Jack Welch, Employment Data, And The Big Picture

Jack Welch insists that the September jobs report, released last week, is “strange” and “implausible.” Specifically, the economy’s sluggish growth doesn’t support the reported drop in unemployment last month to 7.8% from 8.1% in August. It just “doesn’t make sense,” the former head of General Electric writes in The Wall Street Journal. The problem, he explains, is that the methodology behind the household employment survey, which is the source of the unemployment number, is less than perfect. Agreed. But why stop there? If we’re fired up about finding reasons to question economic indicators–one at a time, in a vacuum–the opportunity is unlimited for casting aspersions across the statistical landscape. This is a dead end, however, if we’re looking for deeper insight about the economy and the business cycle. Pointing out flaws for a given data series has merit, but not much. The bigger issue is deciding how to interpret the numbers in search of reasonably reliable perspective. Fortunately, the outlook isn’t as bleak as Welch’s essay implies.

It’s well established that economic data generally is noisy. In other words, it’s best to remain cautious about the number du jour. Welch and others correctly warn that we should be suspicious of the household survey’s estimate that the number of employed persons rose by a dramatic 873,000 last month. Actually, we should remain suspicious of monthly numbers generally and focus instead on year-over-year percentage changes and compare the trend in employment with a broad set of economic and financial numbers for a stronger read on the current state of the business cycle. On that score, the employment data don’t look so “strange” after all.

For example, consider how the rolling 1-year percentage change in the household employment numbers compare with the establishment series, an alternative methodology that surveys businesses as opposed to households. Clearly, the household data (red line) is considerably more volatile than the establishment numbers, even on a year-over-year basis. Over time, however, the two series generally track one another, although at times there can be relatively wide divergences.

For a clearer look at how the two data sets compare let’s zoom in on recent history: the past 10 years. Household employment last month rose roughly 2% vs. the year-earlier level. Meantime, the establishment number increased 1.7% for the year through September. We can argue about which number is a better read on what’s happening in the labor market, but both series are essentially telling us the same thing: the economy is creating jobs, somewhere in the 1.7% to 2.0% range. That’s roughly in line with the August reading. In other words, not a heck of a lot changed last month in terms of the broad trend in employment data, even if some pundits are making a fuss about the last data point.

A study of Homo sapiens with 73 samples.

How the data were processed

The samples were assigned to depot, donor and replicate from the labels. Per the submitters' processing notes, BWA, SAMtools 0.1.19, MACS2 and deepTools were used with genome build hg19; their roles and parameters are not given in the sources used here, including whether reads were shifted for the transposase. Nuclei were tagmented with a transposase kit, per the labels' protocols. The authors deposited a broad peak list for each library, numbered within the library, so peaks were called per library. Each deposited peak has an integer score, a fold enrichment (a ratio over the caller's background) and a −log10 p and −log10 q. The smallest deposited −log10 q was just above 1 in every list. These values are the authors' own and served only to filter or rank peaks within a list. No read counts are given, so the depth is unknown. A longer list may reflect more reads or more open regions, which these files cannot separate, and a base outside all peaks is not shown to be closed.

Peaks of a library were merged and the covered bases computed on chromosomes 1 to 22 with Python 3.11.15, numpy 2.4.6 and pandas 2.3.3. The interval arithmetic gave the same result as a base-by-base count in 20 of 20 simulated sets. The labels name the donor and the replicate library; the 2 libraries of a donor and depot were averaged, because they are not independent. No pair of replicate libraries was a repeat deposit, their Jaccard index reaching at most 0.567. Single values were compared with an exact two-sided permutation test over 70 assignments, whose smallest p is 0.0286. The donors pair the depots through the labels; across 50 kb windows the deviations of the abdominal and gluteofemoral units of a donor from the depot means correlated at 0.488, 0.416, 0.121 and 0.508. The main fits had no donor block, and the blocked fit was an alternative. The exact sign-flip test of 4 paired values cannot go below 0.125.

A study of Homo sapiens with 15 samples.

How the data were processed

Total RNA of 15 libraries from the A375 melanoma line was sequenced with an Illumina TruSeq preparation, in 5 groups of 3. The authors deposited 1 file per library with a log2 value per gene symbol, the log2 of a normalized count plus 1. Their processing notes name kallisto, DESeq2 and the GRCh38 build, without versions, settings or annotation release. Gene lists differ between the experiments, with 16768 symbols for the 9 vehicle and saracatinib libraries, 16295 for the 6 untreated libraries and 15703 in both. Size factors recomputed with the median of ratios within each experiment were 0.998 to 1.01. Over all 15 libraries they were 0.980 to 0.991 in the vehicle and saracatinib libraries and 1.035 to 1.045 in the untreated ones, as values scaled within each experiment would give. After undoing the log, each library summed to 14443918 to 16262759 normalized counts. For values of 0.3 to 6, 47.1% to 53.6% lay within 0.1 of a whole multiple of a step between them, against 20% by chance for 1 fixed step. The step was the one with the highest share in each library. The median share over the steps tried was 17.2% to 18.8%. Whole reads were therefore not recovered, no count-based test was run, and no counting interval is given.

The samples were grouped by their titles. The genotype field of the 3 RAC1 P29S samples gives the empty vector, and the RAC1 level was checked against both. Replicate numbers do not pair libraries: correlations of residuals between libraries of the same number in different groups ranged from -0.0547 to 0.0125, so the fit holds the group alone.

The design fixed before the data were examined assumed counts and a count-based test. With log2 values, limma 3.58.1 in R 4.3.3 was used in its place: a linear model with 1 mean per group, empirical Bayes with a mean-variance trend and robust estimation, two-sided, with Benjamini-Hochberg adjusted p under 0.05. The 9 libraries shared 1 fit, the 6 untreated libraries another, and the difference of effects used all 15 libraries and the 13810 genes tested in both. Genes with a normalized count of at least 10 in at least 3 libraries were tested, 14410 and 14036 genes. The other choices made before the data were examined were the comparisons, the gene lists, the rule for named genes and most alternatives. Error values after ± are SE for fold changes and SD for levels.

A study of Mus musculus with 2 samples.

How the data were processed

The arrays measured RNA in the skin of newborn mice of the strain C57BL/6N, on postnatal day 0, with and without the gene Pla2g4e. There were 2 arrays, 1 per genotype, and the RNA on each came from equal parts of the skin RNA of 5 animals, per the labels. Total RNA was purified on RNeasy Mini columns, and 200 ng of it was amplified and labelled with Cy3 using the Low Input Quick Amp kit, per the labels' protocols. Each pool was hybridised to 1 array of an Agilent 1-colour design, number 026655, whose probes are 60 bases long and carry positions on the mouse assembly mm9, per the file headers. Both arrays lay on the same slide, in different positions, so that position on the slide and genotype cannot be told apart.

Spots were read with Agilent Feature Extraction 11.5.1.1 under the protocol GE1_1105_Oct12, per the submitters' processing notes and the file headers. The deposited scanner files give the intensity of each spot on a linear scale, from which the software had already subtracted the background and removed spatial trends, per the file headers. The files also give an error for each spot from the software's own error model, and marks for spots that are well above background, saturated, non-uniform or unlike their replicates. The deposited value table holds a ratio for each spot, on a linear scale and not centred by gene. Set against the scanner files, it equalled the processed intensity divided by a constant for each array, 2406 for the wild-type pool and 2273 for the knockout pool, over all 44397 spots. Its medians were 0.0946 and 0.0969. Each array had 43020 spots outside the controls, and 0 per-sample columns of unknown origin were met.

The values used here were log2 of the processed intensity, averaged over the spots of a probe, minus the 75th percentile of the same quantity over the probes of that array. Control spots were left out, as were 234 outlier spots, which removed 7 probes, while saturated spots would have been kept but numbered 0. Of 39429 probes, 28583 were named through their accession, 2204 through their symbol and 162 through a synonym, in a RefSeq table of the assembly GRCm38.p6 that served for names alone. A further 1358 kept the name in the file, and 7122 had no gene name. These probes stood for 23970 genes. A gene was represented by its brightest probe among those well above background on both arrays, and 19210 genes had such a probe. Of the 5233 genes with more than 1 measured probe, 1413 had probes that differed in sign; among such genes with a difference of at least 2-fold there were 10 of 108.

Sure, you can focus on the month-to-month changes, or even the 3-month or 6-month fluctuations. But that’s problematic because of the short-term noise that can and does mislead us. Looking at year-over-year changes reduces a fair amount of that noise. Even so, we should still be skeptical. Fortunately, we can enhance clarity a bit further by looking at additional labor market series, such as initial jobless claims and the hours worked. We can and should track other economic and financial indicators as well. In fact, I regularly do just that on these pages via The Capital Spectator Economic Trend Index (here’s the latest update).

Not surprisingly, looking at a diversified set of indicators, primarily on a year-over-year basis, provides a statistically robust measure of economic activity. By contrast, playing up the limitations of any one indicator is the equivalent of a high school prank. If you cherry pick numbers you can see anything you want. But if you’re interested in a relatively high confidence read on the business cycle, it’s best to ignore the noise—in the data and in the media.

This post was originally published at The Capital Spectator and is reproduced here with permission.